Tockholes Church: A Snapshot of English History

I called at Tockholes last week. I have previously written of its former Congregational Chapel, one of those valiant old ladies of 1662 vintage who departed from the cold formality of the state church after Cromwell’s death and Charles Stuart’s return. Still, the Anglican church there is certainly not without interest. It is a peculiar mishmash of historical styles and claims, a microchosm of English religious history. A sign in the church porch makes some bold claims:

Tockholes Church – Built A.D. 640; Rebuilt 1494; Restored 1620; Rebuilt 1833

The latest incarnation of Tockholes' Anglicanism was built sixty years ago: it is an awful 1965 construction of flat and sloping roofs with excessive sides of single-pane glazing. Bizarrely, the gothic porch remains, as do various pieces of churchyard paraphernalia such as old sundials, unusual armorial monuments and ancient cross bases. We have here the key stages of English church history:

‘Built AD 640’

The church’s own website casts doubt on the sign’s claims; 640 would make it one of the earliest churches in England. Still, we have a piece of land here on which it is likely that worship has occurred for over a thousand years:  the shaft of a Saxon preaching cross. Saxon clergy probabaly preached here from the eighth or ninth centuries and later built a simple church to protect against the elements. Their missionaries gradually converted the land from its native paganism to a form of Christianity.

‘Rebuilt 1494’

The evidence for a building in 1494 is slight and contradictory, though I have little doubt that there was a building then. We know the names of some of the medieval and early modern clergy, though the records are evidently incomplete:





Unfortunately, the late medieval church was spiritually dark and idolatrous, with its popery, mariolatry and priestcraft. Although it contained many elements of genuine piety, salvation was often easier found without it, among the hushed tones of John Wycliffe’s Lollards or Jan Huss’ Czech reformers.

‘Restored 1620’

From the 1530s, the church in England was gradually, but inconsistently, reformed. By 1620, Anglicanism better reflected reformation truth that it had hitherto; the alleged rebuilding at Tockholes mirrored the wider, national picture. One Hugh Marsden was the minister 1621-1646, and before him John Shawcross, a ‘Reader’. He was probably a puritan, who sought to complete the previous century’s half-hearted reforms.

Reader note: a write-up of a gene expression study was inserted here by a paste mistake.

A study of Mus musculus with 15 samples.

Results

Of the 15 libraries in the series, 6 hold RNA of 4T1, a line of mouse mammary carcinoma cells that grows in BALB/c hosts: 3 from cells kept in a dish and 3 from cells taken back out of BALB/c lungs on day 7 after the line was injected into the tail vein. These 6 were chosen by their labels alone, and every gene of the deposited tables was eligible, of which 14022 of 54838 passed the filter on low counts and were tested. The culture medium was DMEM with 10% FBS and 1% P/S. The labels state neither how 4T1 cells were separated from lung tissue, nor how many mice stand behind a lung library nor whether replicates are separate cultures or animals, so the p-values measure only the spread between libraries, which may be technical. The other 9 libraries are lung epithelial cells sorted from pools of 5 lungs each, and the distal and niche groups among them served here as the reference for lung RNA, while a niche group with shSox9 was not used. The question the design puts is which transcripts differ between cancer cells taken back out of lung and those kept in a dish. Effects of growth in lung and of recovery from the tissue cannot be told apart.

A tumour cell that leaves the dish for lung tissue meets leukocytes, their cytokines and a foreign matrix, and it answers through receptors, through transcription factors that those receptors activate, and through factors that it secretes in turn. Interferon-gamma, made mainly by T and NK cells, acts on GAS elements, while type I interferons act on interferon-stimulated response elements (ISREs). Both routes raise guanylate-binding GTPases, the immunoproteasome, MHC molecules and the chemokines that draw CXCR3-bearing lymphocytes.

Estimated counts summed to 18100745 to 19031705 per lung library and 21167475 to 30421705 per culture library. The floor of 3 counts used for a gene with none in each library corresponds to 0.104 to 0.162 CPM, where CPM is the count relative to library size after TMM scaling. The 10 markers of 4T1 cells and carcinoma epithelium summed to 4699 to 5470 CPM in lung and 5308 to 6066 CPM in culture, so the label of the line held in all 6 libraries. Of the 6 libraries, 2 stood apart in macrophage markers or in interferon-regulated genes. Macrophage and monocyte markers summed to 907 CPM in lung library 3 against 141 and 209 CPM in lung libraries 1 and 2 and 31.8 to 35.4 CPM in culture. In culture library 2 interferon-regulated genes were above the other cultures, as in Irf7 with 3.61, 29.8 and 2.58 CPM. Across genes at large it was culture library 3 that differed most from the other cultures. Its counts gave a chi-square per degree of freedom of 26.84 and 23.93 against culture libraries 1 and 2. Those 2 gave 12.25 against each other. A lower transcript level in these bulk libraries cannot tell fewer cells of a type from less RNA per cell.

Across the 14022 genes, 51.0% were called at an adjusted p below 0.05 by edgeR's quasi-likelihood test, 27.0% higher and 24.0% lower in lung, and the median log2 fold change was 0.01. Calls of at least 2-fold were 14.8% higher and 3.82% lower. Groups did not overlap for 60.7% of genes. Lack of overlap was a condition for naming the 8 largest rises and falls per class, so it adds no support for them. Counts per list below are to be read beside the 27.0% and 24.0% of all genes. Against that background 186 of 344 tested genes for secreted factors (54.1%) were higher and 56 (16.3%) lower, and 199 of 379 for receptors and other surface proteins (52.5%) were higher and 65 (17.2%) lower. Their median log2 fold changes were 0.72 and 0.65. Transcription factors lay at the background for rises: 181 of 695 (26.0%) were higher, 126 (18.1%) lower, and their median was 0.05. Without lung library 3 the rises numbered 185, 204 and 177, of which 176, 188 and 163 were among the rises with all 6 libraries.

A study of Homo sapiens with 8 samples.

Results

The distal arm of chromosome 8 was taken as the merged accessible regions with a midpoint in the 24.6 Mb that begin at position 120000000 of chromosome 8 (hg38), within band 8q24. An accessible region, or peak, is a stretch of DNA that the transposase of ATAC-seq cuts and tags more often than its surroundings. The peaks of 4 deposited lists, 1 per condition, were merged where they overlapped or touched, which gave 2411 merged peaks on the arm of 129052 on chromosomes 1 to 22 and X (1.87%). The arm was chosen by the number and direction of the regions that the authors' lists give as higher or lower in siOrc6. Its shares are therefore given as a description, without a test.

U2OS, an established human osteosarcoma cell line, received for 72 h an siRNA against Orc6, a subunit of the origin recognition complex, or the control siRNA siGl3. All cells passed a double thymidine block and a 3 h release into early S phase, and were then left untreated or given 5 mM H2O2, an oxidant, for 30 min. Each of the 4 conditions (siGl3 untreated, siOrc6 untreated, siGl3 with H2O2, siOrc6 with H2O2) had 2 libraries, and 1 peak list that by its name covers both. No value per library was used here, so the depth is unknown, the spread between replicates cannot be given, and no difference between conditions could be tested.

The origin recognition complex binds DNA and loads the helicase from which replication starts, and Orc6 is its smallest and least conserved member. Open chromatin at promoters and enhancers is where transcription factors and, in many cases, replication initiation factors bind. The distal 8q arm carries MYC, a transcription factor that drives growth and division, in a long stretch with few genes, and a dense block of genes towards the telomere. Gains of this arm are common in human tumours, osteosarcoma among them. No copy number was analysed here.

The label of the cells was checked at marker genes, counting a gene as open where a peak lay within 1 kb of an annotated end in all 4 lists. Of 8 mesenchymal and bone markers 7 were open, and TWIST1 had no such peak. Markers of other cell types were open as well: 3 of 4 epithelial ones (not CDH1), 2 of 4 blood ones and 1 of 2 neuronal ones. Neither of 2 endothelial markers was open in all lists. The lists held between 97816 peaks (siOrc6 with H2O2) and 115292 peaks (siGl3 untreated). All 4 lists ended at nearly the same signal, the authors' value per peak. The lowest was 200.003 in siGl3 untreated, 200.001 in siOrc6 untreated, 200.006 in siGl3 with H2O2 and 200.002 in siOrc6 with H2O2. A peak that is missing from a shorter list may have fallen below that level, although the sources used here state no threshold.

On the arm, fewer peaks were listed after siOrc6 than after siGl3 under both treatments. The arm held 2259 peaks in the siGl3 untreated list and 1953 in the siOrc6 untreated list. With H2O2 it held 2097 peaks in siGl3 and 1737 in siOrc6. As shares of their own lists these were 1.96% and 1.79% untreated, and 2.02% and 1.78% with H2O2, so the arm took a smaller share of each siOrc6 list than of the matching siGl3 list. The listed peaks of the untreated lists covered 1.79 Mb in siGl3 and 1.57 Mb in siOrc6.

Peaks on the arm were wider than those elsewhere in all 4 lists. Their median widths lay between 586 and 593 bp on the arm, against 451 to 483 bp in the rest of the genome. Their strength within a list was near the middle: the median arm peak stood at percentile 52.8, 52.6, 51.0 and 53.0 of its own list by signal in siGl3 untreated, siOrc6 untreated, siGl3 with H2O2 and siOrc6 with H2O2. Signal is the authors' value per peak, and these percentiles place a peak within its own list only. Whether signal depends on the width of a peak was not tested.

‘Rebuilt 1833’

The area originally covered by the 1833 Church is still visible and some of the buttresses are incorporated into the present foundations. The British church in the nineteenth-century was perhaps at its very zenith, in terms of its influence, its prestige and its missionary outlook. Unfortunately, this often resulted in grandiose building programmes which looked wonderful but contained hidden weaknesses. The 1833 structure enjoyed a gothic style with tall, lancet windows, but later suffered dry rot and its vicar, Gilmour Robinson, was constantly falling out with the builder whose workmanship he criticised. Time proved him right, and the building was torn down a few generations later. Again, the wider Victorian church, while outwardly grand and prosperous, was being infected by ‘Higher Criticism’ of the Bible, high church ritualism and an increasing acceptance of atheistic explanations of the world’s origin. The consequences of these compromises we see in today’s religious landscape.  

Rebuilt (again) 1965

The present Church building was erected in 1965 and dedicated by the Bishop of Blackburn, Dr. C. R. Claxton on the 26th March 1966. The modern structure was built in brick and the porch from the 1833 church was incorporated into the present building; it was intended to be temporary, only to last for 12 to 15 years, apart from the addition of the 1980’s metal barn-roof to replace the flat.  

“I have stood among the ruins of the Church and I have felt very much like Nehemiah of old when he stood among the ruins of the Temple in the City of Jerusalem.” So read the minutes of a PCC meeting in which Rev. Allan Livesey, Tockholes’ Vicar from 1964, describing his reaction to the old church’s demolition. This particular church is still functioning, but the wider English church, whose story little Tockholes has been reflecting, is still rather ruinous and dysfunctional. The old papist priests are long gone, but so too the earnest Saxon missionaries and zealous puritan preachers. Among the ruins of a better age are the inferior beams of modernism, under which sit depleting congregations of the spiritually illiterate.